Jammu’s lifeline Tawi on verge of extinction

18 sewage channels from city polluting it; sand mafia indulging in unabated mining on riverbed

Jammu’s lifeline Tawi on verge of extinctionDespite tall claims of the state administration of saving the Tawi — lifeline of the winter capital — various sewage channels of the city continue to pollute it with impunity.

Consequently, Jammu’s lifeline is on the verge of extinction and what makes the situation more alarming is the fact that Jammu and Kashmir has suspended a plan of diverting highly polluted sewage channels into Tawi till the 13th Five Year Plan (from 2017 to 2021).

Tawi, which is also called “Suryaputri”, not only has immense religious significance, but also caters to potable water needs of a vast chunk of population. A walk over the riverbed of the rapidly drying up Tawi bares it all. While sand mafia could be seen indulging in unabated mining of sand, grovels and boulders, various sewage channels directly dump city’s filth and highly contaminated water into it.

“It’s an open secret that sand mafia, which has a strong backing of politicians, has been plundering the river of its mineral wealth,” said sources in the Geology and Mining Department.

“Nearly 18 sewage channels keep on flowing filth, polythene, other waste and polluted water of the city, which has a population of nearly 15 lakh people, into the Tawi,” said an official of the Jammu and Kashmir State Pollution Control Board (JKSPCB).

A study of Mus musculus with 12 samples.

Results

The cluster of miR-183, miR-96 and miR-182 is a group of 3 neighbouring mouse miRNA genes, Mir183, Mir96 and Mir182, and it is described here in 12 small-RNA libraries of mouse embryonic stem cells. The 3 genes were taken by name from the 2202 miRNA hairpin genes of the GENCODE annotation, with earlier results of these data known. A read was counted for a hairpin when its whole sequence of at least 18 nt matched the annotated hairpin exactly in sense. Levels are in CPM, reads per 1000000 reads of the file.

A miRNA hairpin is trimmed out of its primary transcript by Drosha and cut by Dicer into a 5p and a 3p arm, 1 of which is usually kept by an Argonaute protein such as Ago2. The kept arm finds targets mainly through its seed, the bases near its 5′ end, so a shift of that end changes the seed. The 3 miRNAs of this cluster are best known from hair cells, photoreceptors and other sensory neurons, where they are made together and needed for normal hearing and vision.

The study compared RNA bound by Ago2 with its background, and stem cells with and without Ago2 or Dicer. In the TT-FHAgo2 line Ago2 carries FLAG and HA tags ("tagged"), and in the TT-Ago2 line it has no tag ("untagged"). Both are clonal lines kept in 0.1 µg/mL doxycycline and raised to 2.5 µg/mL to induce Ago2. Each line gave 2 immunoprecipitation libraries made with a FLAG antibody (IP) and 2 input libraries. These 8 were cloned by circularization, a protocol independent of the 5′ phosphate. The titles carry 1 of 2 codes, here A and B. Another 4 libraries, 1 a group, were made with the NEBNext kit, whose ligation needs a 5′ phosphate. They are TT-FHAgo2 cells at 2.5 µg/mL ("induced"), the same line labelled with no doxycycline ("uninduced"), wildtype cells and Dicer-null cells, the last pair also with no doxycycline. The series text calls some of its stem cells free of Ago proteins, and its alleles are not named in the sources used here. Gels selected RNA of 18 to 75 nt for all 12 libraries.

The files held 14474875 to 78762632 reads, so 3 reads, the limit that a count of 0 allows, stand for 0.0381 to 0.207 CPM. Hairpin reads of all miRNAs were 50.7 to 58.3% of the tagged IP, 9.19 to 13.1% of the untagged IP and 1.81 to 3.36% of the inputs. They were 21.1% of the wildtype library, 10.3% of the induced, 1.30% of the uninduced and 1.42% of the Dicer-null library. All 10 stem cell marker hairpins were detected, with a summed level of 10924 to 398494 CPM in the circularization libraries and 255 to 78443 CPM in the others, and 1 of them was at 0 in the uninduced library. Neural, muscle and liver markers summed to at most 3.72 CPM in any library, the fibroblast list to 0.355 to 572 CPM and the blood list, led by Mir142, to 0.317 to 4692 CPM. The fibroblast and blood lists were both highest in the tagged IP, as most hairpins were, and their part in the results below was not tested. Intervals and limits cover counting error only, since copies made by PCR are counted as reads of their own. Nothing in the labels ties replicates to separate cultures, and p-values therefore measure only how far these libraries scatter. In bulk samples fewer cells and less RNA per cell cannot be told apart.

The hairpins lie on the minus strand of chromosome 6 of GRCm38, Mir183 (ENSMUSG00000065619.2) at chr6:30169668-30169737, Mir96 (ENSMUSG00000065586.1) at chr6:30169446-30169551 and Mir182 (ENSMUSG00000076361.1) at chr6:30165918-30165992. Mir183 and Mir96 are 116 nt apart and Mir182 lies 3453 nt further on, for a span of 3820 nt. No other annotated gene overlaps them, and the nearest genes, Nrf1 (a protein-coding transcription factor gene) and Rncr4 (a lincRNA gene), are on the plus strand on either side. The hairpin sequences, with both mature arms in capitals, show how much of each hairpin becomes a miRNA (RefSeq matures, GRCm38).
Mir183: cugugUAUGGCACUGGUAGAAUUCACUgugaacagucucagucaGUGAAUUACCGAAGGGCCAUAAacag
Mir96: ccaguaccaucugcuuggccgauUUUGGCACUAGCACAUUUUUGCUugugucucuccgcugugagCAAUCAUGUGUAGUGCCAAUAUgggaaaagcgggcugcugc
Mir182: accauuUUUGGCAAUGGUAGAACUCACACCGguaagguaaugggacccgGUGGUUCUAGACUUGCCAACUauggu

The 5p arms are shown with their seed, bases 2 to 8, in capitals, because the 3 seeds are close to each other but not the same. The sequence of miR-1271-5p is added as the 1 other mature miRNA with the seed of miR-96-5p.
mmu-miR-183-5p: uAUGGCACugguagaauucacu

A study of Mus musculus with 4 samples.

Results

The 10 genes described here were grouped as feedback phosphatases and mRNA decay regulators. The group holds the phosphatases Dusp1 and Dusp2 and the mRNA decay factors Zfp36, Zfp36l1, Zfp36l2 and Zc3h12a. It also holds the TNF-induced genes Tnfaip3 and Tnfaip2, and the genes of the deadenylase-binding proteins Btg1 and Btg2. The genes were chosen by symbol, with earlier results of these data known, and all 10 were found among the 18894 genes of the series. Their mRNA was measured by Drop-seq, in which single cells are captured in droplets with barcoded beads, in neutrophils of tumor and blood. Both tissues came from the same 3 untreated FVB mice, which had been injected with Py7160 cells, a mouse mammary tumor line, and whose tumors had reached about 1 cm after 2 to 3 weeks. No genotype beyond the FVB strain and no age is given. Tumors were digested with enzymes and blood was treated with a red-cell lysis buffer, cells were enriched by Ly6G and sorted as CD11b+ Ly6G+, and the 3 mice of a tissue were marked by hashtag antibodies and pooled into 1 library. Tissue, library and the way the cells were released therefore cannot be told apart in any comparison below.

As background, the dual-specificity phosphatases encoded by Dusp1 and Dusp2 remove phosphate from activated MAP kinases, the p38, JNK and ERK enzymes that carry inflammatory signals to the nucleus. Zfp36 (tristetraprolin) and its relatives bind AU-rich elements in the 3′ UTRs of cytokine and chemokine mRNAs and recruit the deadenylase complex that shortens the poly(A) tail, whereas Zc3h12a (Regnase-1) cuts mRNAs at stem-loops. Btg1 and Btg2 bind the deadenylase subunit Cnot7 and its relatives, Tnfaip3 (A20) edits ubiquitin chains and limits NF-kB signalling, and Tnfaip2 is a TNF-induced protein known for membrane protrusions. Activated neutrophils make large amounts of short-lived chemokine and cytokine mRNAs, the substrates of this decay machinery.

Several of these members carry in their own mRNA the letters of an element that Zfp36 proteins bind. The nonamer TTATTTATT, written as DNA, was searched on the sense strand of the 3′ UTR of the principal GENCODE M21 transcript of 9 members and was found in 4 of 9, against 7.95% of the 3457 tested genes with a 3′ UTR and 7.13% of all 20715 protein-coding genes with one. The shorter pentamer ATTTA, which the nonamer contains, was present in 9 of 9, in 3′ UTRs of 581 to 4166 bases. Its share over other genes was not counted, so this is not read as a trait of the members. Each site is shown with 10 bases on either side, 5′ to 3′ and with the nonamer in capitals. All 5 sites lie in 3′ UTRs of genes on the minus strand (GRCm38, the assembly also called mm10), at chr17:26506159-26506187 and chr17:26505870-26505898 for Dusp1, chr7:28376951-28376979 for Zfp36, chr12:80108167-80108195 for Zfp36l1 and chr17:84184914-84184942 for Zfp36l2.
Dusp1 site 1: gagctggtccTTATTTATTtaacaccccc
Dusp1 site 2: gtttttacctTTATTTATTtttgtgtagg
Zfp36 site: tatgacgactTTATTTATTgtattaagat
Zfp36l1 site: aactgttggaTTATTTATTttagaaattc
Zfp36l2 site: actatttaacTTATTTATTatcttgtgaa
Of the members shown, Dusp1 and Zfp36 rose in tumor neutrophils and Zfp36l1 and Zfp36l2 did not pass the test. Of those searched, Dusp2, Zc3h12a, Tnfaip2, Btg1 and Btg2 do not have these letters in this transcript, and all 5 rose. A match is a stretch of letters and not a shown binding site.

“These channels of waste discharge flow directly or indirectly into the Tawi from Kishenpur Manwal in Nagrota right up to Makwal in Tawi Island,” he added. The content of dissolved oxygen in one litre of water should be 6 milligram, but the Tawi water from the PHE lifting point at Bagh-e-Bahu and up to Bhagwati Nagar has 1.3 to 1.4 milligram dissolved oxygen per litre. Similarly, biochemical oxygen demand (BOD) should not be less than 2 milligram per litre, but it varies from 8 milligram per litre to 40 milligram per litre in the Tawi, especially from Nagrota to Bhagwati Nagar. A Jammu Municipal Corporation official admitted that the river considered sacred by the people in Jammu has been polluted badly. Restoring river to its pristine glory seems to be a tough task as untreated waste continues to pour into it and the ambitious sewage treatment plants (STPs) at Bhagwati Nagar are yet to go full throttle.

The government has been coming up with STPs in Bhagwati Nagar at a snail’s pace. Each single day the 15 lakh population of Jammu city generates 400 tonnes of solid waste.

The Tawi originates from the Kali Kundi glacier, southwest of Bhadarwah in Doda district. The flow of water in the river has decreased alarmingly in the recent years as the glacier has been receding. The Tawi is a major tributary of the Chenab that flows into Pakistan.